Game Consoles Get Exemption From Tough EU Power Regulations

Games console manufacturers have arranged a deal with the European Commission that lets them off the hook for tough new rules on energy efficiency, has learned.

Nintendo, Microsoft and Sony have all persuaded the Commission not to include their products in the EcoDesign Directive and to instead rely on a voluntary agreement instead.

Although the Commission says the self regulated agreement is “ambitious enough to deliver benefits to consumers and the environment”, the precise gaming mode of the games consoles is left out of the agreement altogether.

“Eventual energy consumption limits must also ensure that the customer’s gaming experience is not compromised,” said the Commission.

According to sources up close to the negotiations – which began in 2009 – energy experts from European national governments “walked away because they were wasting their time”. The energy use limits in the voluntary agreement cover playing music and films, as well as navigation, but do not address energy use when the consoles are in gaming mode. But the Commission says that the agreement includes a provision “to attempt to cover gaming mode” when it is revised in 2017.

Energy activists, who are unhappy with the agreement, say this is a ticket to avoid meaningful regulation. The Commission says that if it finds evidence that the agreement is not being upheld, regulatory action will be considered. As Google, Microsoft and other know this threat is not to be taken lightly.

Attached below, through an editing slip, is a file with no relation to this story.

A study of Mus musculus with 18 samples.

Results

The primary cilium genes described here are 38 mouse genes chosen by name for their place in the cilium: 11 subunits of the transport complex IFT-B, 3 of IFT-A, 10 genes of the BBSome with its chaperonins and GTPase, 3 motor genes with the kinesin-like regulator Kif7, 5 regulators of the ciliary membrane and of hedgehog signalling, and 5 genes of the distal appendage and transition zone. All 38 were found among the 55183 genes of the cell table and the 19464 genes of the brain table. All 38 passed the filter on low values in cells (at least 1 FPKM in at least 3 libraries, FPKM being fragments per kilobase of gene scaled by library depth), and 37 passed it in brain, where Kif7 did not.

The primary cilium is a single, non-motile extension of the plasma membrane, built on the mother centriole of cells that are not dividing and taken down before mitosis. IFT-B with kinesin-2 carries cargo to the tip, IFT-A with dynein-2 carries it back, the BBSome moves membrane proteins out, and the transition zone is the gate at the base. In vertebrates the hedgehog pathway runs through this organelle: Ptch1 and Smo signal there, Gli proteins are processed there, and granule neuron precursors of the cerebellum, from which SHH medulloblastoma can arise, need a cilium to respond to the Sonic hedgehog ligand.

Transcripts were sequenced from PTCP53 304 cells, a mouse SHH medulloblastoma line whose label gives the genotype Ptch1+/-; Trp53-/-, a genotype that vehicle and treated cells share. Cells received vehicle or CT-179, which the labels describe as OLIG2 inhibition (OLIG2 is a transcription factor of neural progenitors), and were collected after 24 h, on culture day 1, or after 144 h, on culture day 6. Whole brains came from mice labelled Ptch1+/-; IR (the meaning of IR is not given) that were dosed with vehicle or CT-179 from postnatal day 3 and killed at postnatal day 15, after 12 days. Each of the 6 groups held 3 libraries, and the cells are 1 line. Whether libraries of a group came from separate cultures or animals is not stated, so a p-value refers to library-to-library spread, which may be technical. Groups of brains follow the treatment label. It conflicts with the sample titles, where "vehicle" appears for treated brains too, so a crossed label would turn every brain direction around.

According to advocacy group Natural Resources Defense Council, which carried out testing in April 2014, “the Sony PS4 and Microsoft Xbox One consume two to three times more annual energy than the most recent models of their predecessors”. While the consoles may be more power efficient (and indeed are) than previous models they are using more overall power because they are doing so much more.

Nintendo’s Wii U is the only model to use less energy than its predecessor, despite providing higher-definition graphics and processing capabilities. This is in large part thanks to its very low power consumption when operating in connected stand-by mode.

Jack Hunter from Cool Products, a lobby group promoting energy efficiency, termed the agreement “a joke” and said that the console makers have perfected their origami skills to produce a paper tiger: “The energy caps are more generous than existing machines on the market, not less. Manufacturers can walk away whenever they want. National authorities that are failing to vet fridges, TVs and other appliances under the Ecodesign Directive are unlikely to inspect a merely voluntary agreement on consoles.”